For many protesters in Seattle over the weekend, the outrage over racial injustices outweighed the risk of contracting COVID-19.
That calculus sent people streaming into the streets of downtown Seattle, where they shouted face to face with authorities and pushed into tight crowds, although many wore masks.
Now experts and public health officials are cautioning the large gatherings — the first of this scale since the pandemic was declared — could set back the region’s recovery from the novel coronavirus epidemic.
“We will need to watch COVID-19 activity closely in King County over the next several weeks,” David Postman, Gov. Jay Inslee’s chief of staff, said in an email. The protests, though, would not affect the county’s current application to reopen some parts of the economy, he said.
With the virus still coursing through the community, King County approached the weekend’s protests on precarious footing. The infection rate remained too high in recent weeks for King County to advance to the second phase of Inslee’s “Safe Start” plan to reopen society, unlike most counties in the state.
“We’re not done with the virus, at all,” said Brad Pollock, chairman of the Department of Public Health Sciences at the UC Davis School of Medicine in California. “It was pretty frightening to see people packed together.”
Many demonstrators were wearing face coverings at Saturday’s protests in downtown Seattle, but crowds filled cityscapes that made social distancing difficult.
The Seattle parks and neighborhoods departments handed out hundreds of single-use use masks to people taking part in Saturday’s demonstrations. Other groups passed out water, masks and sanitizing wipes.
While face coverings reduce the risk of transmission, Pollock said, they don’t absolve the need for physical distancing of 6 feet or more.
“Some people let their guard down, being very emotionally involved,” Pollock said. “Folks that would normally be rational would get riled up, and you’d hate for people to be exposing themselves.”
A total of 8,054 King County residents have tested positive for COVID-19, as of Saturday afternoon, and 556 people have died due to the disease.
The virus, as in other parts of the country, has disproportionately impacted people of color in King County. Black residents have been infected at nearly three times the rate of white residents, according to the county’s count of confirmed cases, adjusted for population.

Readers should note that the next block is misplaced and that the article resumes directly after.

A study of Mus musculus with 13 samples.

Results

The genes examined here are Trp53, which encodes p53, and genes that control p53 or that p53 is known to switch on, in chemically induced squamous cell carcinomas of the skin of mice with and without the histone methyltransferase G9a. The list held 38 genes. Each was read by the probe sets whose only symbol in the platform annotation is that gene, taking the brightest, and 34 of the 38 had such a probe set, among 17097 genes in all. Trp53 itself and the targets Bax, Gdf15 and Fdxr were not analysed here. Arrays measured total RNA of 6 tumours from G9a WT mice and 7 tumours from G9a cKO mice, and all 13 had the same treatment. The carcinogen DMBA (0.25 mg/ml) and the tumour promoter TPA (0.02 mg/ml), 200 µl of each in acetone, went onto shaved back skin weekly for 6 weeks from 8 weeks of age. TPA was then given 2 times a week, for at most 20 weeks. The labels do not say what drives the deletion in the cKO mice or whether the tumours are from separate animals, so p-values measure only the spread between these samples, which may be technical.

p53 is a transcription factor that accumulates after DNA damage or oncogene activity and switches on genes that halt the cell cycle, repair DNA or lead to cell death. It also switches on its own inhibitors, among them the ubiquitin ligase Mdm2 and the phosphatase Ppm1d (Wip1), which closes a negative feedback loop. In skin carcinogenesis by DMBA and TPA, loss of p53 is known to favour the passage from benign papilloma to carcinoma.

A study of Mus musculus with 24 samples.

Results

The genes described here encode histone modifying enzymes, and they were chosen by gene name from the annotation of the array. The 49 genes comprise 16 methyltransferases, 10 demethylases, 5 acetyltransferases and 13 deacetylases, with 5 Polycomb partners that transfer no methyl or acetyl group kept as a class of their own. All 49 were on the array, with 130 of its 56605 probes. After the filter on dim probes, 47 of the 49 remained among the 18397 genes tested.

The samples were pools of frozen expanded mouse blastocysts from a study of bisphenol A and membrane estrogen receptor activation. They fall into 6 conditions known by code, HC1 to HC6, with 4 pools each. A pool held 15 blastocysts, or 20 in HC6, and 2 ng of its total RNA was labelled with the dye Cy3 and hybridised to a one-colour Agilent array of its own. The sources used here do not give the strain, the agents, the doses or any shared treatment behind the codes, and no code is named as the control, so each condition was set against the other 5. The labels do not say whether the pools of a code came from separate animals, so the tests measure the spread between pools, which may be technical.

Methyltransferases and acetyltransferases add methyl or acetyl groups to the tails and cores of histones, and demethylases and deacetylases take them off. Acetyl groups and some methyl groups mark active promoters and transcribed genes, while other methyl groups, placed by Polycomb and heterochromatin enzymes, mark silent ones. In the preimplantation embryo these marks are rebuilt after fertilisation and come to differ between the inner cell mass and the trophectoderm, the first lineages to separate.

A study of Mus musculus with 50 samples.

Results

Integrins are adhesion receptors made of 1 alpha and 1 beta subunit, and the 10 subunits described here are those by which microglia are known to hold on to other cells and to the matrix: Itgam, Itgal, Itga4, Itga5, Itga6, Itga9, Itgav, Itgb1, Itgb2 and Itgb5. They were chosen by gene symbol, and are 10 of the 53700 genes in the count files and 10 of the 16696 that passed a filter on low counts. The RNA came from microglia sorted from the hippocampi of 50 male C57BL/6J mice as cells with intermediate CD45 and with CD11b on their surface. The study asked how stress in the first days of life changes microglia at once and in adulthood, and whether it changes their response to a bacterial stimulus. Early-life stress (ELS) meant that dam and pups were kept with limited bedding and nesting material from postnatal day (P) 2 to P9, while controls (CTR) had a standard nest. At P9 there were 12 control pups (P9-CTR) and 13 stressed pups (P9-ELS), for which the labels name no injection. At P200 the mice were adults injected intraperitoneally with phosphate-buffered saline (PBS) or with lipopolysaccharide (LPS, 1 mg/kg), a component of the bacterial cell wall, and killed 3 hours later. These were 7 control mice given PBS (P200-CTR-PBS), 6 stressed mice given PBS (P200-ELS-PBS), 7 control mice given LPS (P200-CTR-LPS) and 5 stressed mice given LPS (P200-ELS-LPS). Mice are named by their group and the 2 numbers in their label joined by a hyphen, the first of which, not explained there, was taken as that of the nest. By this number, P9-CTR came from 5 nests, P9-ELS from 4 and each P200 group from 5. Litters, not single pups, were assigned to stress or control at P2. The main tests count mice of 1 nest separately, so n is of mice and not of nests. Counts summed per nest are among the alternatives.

Whether the demonstrations actually lead to COVID-19 cases will be difficult to determine, because the protests coincided with the reopening of businesses, experts say. The county is going to soon apply to the state to reopen a handful of businesses such as hair salons and some outdoor restaurant dining, County Executive Dow Constantine said Friday in a news conference.
A spokeswoman from Public Health — Seattle & King County confirmed Sunday the county was still submitting its latest reopening application “and will be closely watching disease trends in the coming weeks to determine whether we can continue to move forward safely with reopening.”
On Friday, Inslee lowered one key threshold needed to advance to Phase 2 of the state’s reopening plan, and King County appears to be within the new range, according to county statistics. As of May 30, there was an average of 24 new cases per 100,000 residents over the previous two weeks. The new threshold is fewer than 25 cases, adjusted from 10.
Advancing to the second phase, however, is contingent on other benchmarks that must still be reached.
Protest participants don’t necessarily need to get tested, state health officials said in an email, but they should “closely monitor their health” and contact a health care provider if they develop COVID-19 symptoms. If people don’t have a provider, they should contact their county health department to ask about testing.
State health officials also said protesters who decide to congregate should abide by the now-familiar public health directives, including wearing a mask, socially distancing from other people, washing hands and staying home if they are sick.